Support for speed cameras is running at an all-time high, a poll by the AA has suggested.
According to the motoring organisation's survey of members in October, 75% now believe that the use of speed cameras is 'acceptable' - including 30% who believe their use is 'very acceptable'.
This compares with a 69% approval rating in a poll conducted in November last year, and is the highest level reached in ten years of monitoring public sentiment for the devices, the AA says.
It is highlighting that the increase has come against the backdrop of the Government's pledge to end "the war on motorists" - which has seen speed cameras being switched off in some areas of the country.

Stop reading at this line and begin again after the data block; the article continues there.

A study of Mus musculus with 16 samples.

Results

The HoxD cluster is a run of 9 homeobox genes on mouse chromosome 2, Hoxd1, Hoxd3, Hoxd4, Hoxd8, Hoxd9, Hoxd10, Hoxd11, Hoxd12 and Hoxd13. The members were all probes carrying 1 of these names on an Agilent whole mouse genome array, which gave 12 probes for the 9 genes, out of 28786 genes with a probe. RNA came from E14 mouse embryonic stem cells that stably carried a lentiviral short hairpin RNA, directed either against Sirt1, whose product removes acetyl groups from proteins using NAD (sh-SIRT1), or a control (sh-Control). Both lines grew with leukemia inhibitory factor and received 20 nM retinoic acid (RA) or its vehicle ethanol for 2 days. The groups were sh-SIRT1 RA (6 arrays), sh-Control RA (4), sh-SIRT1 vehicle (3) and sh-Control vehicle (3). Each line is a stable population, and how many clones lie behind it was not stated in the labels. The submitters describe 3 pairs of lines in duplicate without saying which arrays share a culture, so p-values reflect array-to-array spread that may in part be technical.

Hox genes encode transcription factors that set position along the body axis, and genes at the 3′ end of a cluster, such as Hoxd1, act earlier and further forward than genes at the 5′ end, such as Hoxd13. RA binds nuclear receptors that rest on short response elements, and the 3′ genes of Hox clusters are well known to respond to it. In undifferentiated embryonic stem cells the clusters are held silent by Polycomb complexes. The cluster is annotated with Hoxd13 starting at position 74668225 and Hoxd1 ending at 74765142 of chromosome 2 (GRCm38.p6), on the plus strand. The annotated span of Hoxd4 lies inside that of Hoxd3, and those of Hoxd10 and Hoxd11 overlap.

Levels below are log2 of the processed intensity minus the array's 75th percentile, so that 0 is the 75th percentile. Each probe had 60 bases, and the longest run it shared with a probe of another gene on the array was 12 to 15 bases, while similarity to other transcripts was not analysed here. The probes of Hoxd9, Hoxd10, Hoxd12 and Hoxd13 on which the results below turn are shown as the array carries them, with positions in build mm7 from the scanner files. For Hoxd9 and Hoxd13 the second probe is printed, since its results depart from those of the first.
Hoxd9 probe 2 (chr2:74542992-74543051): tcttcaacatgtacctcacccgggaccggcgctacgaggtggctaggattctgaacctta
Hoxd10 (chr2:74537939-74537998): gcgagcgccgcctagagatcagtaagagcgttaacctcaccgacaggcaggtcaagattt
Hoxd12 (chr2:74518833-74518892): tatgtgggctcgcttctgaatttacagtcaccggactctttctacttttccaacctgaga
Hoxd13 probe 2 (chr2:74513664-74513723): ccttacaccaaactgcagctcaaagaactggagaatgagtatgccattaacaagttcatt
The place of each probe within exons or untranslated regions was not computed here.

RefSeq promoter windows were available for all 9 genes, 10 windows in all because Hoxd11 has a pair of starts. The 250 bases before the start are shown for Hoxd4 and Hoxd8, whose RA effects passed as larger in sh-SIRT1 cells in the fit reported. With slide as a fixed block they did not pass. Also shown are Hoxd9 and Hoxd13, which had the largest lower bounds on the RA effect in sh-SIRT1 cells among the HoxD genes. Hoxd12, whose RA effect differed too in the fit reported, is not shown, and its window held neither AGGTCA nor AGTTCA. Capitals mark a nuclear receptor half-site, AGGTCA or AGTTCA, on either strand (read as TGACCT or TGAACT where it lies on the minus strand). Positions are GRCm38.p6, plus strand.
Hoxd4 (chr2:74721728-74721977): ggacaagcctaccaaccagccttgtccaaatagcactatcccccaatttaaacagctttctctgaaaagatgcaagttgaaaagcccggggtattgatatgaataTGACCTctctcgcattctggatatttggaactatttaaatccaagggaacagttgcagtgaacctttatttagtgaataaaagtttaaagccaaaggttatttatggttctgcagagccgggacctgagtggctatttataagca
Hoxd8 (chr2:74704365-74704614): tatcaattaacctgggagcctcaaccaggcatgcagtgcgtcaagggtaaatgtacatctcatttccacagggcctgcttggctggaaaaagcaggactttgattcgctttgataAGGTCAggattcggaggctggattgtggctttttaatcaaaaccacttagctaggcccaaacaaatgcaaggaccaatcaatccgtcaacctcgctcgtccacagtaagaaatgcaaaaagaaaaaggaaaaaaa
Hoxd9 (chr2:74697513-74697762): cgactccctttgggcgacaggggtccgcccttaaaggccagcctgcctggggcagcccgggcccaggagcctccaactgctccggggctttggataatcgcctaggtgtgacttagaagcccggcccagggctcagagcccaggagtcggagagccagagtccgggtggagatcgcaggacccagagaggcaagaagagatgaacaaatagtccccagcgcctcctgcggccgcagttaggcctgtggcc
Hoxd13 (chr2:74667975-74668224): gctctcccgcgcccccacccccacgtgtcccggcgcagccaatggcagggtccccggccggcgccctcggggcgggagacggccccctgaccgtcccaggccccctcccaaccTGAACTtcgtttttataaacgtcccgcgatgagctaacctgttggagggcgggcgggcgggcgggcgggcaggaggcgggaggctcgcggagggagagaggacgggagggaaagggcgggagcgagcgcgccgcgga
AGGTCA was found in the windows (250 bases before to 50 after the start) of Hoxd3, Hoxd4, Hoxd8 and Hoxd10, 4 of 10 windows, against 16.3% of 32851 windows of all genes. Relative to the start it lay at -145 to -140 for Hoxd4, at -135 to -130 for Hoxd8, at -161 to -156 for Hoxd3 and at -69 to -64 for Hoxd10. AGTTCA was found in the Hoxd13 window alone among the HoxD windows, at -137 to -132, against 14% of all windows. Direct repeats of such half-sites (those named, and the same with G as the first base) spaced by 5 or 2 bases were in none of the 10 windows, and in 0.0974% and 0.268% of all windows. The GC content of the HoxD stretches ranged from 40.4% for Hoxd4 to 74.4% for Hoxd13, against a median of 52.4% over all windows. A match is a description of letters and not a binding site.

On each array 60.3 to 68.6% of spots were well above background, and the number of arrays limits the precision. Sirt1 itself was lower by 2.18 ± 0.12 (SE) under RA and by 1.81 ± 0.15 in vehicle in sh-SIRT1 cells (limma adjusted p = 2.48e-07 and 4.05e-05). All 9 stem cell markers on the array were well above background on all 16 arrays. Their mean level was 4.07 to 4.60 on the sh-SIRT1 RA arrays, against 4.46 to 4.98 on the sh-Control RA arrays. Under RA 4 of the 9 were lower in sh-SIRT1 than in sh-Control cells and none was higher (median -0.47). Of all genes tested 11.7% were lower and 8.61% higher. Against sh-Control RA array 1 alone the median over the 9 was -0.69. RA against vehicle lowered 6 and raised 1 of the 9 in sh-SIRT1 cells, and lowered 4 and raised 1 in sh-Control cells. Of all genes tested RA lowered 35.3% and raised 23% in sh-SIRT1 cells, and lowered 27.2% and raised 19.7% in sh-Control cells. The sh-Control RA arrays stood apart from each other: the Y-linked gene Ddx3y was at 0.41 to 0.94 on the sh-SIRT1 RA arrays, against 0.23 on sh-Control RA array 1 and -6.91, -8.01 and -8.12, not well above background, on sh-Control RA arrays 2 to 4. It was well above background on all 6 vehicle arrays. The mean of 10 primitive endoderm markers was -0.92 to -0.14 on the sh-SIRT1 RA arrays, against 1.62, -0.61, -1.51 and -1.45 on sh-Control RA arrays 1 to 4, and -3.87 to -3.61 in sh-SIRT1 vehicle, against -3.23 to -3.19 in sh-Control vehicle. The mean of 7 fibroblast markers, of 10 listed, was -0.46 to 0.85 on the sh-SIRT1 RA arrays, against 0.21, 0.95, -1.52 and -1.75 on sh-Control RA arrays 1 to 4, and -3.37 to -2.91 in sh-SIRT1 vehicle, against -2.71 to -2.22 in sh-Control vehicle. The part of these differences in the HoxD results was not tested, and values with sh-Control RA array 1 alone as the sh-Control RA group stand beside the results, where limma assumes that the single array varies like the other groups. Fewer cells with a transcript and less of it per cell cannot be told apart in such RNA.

President Edmund King said that he hoped the AA's findings would be taken into account during future spending decisions by the Government and by local authorities.
"Perhaps speculation about turning off more cameras has ironically led to greater support," he added.
"We have always said that cameras are just one part of the solution to make roads safer.
"We also need to see wider police enforcement of dangerous driving, better engineering of accident black spots and more comprehensive driver education."
The results come in the same week that reports have arisen of Oxfordshire County Council - one of the first authorities to switch off all its cameras due to central funding cuts - announcing it is seeking to reactivate its devices.
According to the BBC, the council has been in talks with police to switch cameras back on across the county - though it is not yet clear if this would involve the entire 72-strong network.
Within days of the county's cameras being switched off at the start of August, the Thames Valley Safer Roads Partnership was reporting an increase in speeding of up to 88%.